The report finds high drug-resistance in three common zoonotic bacteria, which can be transferred to humans through food or environment
Antimicrobial resistance is a serious threat to public and veterinary health, a report by European Food Safety Authority and the European Centre for Disease Prevention and Control has reaffirmed. The report accesses the level of antimicrobial resistance (AMR) in bacteria from humans, animals and food.
Data submitted by 28 member states of the European Union in 2015 provides an overview of resistance in Salmonella isolates from humans, food-producing animals (pigs and calves), and their meat, Campylobacter isolates from humans and pigs, and Escherichia coli isolates from pigs, calves, and their meat. Salmonella, Campylobacter, and E coli are all zoonotic bacteria, which can be transferred from animals to humans through food or environment.
The report has shown high multi-drug resistance (MDR) in Salmonella across the EU, a bacteria that causes common food-borne disease. Resistance to colistin—a last resort antibiotic—has been detected in Salmonella and E. coli in pigs and cattle. More than 10 per cent of the tested Campylobacter coli bacteria in humans showed resistance to critically important antimicrobials, fluoroquinolones and macrolides.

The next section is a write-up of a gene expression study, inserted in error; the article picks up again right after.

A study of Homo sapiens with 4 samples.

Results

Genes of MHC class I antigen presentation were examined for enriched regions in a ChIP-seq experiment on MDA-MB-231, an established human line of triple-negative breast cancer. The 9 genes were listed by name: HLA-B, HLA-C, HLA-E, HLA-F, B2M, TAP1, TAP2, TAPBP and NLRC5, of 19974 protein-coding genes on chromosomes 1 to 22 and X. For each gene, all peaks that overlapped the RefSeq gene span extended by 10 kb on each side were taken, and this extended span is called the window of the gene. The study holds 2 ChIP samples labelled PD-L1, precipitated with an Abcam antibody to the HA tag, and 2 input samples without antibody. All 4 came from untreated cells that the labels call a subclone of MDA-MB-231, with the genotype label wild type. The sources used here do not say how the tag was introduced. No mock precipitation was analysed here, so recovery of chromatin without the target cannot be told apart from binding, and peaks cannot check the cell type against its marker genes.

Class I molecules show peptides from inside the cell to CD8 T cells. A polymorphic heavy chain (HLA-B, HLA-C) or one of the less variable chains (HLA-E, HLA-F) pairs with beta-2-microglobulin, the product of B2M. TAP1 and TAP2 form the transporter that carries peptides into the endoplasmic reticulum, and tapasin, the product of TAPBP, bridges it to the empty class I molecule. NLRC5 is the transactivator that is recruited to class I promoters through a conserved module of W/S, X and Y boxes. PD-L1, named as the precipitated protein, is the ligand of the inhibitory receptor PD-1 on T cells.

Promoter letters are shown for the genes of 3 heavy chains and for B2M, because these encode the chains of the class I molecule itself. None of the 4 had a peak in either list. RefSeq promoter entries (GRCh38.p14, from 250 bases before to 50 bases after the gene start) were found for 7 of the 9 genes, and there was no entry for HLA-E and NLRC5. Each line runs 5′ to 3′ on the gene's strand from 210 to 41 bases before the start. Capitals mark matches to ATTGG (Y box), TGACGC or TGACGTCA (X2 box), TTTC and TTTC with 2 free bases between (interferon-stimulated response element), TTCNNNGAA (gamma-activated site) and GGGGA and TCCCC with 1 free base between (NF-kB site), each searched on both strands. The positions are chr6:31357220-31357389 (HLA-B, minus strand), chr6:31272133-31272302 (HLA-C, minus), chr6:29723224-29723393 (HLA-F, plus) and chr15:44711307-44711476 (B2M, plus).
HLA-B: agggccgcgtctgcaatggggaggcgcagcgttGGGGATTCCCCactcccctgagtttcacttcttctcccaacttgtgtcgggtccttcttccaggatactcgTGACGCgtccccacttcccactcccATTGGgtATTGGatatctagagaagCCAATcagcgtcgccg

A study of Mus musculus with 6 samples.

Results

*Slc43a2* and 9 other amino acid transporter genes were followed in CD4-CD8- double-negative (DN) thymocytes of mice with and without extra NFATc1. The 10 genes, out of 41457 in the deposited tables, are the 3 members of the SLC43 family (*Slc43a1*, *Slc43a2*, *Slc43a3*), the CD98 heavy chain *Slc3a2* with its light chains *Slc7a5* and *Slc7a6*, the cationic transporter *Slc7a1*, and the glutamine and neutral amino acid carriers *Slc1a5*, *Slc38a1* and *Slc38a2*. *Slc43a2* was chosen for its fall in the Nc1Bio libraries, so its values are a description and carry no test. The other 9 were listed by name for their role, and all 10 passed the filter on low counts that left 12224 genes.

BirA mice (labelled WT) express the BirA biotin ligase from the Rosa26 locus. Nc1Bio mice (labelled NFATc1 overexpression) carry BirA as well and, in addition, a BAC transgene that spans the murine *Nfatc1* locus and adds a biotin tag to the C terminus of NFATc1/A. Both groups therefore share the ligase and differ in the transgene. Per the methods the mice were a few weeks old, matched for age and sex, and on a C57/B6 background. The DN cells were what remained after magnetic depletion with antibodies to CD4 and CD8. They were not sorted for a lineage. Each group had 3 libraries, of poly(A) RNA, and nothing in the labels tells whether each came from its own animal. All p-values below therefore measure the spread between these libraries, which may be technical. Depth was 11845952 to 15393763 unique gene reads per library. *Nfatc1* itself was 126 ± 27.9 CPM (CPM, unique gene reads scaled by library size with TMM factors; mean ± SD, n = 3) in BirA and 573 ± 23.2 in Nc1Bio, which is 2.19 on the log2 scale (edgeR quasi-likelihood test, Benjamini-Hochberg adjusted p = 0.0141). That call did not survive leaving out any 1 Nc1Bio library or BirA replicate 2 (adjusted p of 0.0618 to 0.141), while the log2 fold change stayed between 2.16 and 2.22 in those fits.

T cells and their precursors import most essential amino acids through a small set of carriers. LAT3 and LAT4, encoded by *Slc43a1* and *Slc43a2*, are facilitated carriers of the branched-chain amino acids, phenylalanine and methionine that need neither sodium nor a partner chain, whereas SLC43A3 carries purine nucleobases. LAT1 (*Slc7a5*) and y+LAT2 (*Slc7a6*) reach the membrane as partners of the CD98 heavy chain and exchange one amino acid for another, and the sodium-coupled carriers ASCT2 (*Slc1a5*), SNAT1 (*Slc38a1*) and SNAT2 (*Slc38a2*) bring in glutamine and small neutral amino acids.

Mapping the geographical extent of resistance, the report finds that countries in northern and western Europe have lower resistance levels than those in southern and eastern parts.
"Antimicrobial resistance is an alarming threat putting human and animal health in danger," says Vytenis Andriukaitis, EU commissioner for health and food safety. "We have put substantial efforts to stop its rise, but this is not enough. We must be quicker, stronger and act on several fronts," he adds.
Monitoring AMR in humans, food animals and food is crucial to understand its spread and trends and develop targeted interventions. While the developed countries, particularly EU, have a head start in this direction, the developing world falls back due to limited awareness, weak laws and inadequate implementation.
Although developing countries and rest of the world have recognised the impact of building AMR on human health, animals- and environment-related effects have received limited attention.
Even today, India does not have a national surveillance framework to track AMR in animals. A large information gap exists on antibiotic sales or usage in animals. The need to fill this gap was highlighted by experts in an international workshop organised by Delhi-based Centre for Science and Environment.
India is inching closer to finalising its National Action Plan on AMR, being formulated on the lines of “one-health” with inputs from agencies on health, animal husbandry, fishery, environment and industry. India should consider adopting practices and lessons from other countries with advanced understanding of AMR in its national plan.